Following on from studies of portraits in the National Gallery, a few offerings by my own hand from the last few weeks, the paintings from a class. As I mentioned before, part of the interest is in the difficulty, so I cringe a little in sharing these. But I’m very enjoying portraiture and am quite hooked, always seeking out more interesting faces to sit for me.

The lovely Eleanor. Normally I don’t enjoy drawing pretty faces, as their symmetry and neat features are frustrating. There’s less to grasp and hang onto and, to be honest, its less interesting. Not so with Eleanor, who has a lot of character in her beautiful face. With large dewy eyes, gentle curling hair and cupid’s bow lips, she has a doll-like beauty. She never seems to be seeing blankly though, underneath a calm demeanor I think I can see a head that clicks and whirrs in thought, the occasional eyelids blinking quickly, lips that purse and soften and purse again as something in her thoughts tick over. In-between conversation, I enjoy watching someone who is generous enough to sit still for me and focus on being composed reveal their character with little quirks.

Keith watching the News at Ten

Keith is a fine draughtsman with a portfolio full of wonderful portraits studies. It was half nerve-wracking drawing a drawer, it’s also very nice to be comfortable with a fellow who understands the challenge. Keith is an animated, chatty character, so it was fun to make him sit still for a half hour. I think the drawing shows a still man but with lively eyes already thinking through what art conversation her wants to raise next.

Model in a painting class

I find colour very difficult, but with this model her beautiful brown skin tone and colourful clothes set each other off. Some eastern genes provided an entire different eye structure and contours that were challenging to navigate. Painted over half a day in changing natural light, I found myself tired as the light faded, and abandoned this study in favour of a wider view. This second picture took about an hour and a half but I think I prefer it more. I’ve tried to capture the slight fatigue of the model at the end of the day, and my own weary brush strokes were more gentle, less fussy, and in the end, perhaps more natural to the atmosphere.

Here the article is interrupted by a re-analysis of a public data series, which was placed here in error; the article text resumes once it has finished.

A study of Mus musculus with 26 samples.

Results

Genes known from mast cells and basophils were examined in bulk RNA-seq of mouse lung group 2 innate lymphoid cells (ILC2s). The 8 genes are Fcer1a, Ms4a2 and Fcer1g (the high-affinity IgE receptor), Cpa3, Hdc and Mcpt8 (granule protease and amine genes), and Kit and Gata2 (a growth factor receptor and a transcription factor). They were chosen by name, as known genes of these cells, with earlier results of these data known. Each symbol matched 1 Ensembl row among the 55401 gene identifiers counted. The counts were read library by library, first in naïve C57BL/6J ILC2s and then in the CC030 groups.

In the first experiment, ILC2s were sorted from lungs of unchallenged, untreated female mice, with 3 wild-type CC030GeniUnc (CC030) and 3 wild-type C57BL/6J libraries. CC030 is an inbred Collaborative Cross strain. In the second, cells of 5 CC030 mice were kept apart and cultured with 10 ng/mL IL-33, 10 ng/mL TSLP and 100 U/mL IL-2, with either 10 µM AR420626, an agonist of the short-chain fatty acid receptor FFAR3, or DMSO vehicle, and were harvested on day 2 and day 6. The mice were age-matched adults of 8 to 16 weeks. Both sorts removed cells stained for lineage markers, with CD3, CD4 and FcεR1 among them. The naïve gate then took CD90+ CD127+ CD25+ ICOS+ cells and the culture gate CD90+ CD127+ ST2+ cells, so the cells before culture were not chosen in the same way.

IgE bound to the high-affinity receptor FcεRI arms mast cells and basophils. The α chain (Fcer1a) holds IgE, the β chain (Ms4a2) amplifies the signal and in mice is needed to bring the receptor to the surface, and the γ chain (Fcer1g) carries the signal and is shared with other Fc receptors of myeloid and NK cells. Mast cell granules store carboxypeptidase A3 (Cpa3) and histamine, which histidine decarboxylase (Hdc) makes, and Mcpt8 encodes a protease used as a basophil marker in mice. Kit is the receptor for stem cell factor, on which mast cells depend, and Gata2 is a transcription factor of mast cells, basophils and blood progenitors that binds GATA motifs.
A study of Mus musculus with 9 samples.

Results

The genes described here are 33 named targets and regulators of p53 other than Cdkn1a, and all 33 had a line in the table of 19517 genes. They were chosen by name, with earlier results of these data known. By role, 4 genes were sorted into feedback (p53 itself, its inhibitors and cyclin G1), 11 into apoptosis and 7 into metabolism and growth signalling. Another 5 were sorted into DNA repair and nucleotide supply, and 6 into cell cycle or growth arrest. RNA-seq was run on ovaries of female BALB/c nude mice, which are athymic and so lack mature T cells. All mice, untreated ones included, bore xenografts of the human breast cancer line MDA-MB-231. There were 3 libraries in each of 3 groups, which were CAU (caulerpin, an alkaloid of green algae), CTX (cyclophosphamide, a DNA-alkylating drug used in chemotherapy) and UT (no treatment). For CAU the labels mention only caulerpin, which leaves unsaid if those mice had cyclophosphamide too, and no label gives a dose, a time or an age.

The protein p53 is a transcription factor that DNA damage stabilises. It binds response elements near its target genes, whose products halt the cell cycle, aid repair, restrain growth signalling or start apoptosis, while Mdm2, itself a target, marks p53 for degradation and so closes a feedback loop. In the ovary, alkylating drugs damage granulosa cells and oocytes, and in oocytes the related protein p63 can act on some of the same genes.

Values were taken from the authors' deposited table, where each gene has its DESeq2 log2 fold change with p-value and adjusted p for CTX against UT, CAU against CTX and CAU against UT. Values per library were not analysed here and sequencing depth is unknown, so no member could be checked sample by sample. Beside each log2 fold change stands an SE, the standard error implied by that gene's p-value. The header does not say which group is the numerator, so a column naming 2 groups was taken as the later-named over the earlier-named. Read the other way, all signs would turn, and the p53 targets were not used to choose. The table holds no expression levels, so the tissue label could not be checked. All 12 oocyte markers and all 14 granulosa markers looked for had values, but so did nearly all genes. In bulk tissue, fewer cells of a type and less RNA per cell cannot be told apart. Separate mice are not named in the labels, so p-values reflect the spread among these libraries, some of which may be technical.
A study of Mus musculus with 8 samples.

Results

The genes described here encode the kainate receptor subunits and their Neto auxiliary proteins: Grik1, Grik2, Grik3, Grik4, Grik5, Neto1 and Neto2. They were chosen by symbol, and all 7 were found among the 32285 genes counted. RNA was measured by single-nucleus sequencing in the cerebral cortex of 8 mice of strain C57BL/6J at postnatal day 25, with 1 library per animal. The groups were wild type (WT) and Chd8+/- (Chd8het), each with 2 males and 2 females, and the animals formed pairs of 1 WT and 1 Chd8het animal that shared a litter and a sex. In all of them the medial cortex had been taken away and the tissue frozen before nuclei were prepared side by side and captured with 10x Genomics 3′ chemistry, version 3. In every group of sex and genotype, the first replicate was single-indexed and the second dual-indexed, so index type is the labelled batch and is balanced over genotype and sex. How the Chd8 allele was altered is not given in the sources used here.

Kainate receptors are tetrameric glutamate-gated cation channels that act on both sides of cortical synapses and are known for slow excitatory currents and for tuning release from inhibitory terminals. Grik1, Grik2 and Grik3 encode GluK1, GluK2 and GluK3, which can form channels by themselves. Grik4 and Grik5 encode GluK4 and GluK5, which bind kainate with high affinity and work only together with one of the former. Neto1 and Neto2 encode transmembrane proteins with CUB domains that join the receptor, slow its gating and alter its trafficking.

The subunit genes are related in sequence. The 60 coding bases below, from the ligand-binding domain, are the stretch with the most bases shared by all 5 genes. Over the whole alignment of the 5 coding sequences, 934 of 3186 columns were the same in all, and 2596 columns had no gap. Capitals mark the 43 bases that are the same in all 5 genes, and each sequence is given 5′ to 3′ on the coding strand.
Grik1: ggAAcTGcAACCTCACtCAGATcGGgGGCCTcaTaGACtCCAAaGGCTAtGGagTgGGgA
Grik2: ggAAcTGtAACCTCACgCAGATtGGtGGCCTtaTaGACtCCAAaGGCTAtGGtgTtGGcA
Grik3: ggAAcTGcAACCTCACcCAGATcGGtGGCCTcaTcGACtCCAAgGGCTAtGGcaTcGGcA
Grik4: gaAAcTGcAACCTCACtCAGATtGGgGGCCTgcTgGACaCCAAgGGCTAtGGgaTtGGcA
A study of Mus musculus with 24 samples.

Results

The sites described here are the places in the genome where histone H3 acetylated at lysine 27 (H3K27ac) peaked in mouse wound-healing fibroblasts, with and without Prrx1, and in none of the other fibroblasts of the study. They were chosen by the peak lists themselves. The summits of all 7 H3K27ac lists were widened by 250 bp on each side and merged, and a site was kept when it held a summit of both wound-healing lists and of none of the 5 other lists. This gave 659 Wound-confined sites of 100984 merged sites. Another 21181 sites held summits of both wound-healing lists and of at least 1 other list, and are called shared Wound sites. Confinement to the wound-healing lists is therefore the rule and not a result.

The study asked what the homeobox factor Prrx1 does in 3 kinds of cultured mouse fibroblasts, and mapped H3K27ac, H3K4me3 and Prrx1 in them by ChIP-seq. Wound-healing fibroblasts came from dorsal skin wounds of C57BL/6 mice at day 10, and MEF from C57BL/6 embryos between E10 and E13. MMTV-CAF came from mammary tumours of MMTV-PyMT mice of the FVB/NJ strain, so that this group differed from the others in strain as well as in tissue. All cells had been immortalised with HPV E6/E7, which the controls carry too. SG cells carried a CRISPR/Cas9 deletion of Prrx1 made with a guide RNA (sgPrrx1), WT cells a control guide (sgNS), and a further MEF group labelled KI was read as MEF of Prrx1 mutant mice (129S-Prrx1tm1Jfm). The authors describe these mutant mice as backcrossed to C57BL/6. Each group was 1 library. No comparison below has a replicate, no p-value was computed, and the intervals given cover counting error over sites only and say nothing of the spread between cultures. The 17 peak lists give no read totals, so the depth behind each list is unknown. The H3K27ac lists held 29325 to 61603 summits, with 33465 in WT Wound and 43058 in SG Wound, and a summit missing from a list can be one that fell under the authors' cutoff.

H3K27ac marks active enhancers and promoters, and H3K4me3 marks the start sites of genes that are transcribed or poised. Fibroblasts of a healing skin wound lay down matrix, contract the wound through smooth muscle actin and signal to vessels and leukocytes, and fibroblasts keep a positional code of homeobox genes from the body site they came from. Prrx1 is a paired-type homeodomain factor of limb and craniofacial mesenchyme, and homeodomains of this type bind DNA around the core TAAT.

Kit, the painting class

Kit was a wonderful model. He has a noble face and took the job very seriously, looking dapper in jacket and tie, he took great care to hold his face and composure through the day. As the class takes just one day, it can be fast, but also intense, and most of the artists have a tendency to find their eyes tired and ability to make decisive judgements tested by the afternoon, especially after lunch. I guessed pretty quickly that Kit was an actor when not modelling, such was his attitude to the task and the way he held himself. His appearance and air of dignity would cast him as a suitable cousin to the Fox brothers.

Oliver, from the life class

Another from natural daylight, which seems to work for me best as it brings out honest colours. Sometimes its not always flattering. Here, Oliver looks pasty. But there was a rich, milky quality to his paleness that brought out beautiful blue shadows under his eyes and cherry-red lips. He had a very distinctive face, even without the crown of disheveled curls. After some sketching and starting to paint and work out his face and watery eyes, I decided that he would suit being a writer. I continued with this characterisation in mind, imagining his pale complexion born out late nights working and studious and sincere thoughts. Afterwards, I asked. Turns out he is a writer, so I felt pleased that, with practice, I was able to try to discern things from the face of a complete stranger. One of my most pleasing paintings yet, because he had such a distinctive face and I feel I was close to capturing it.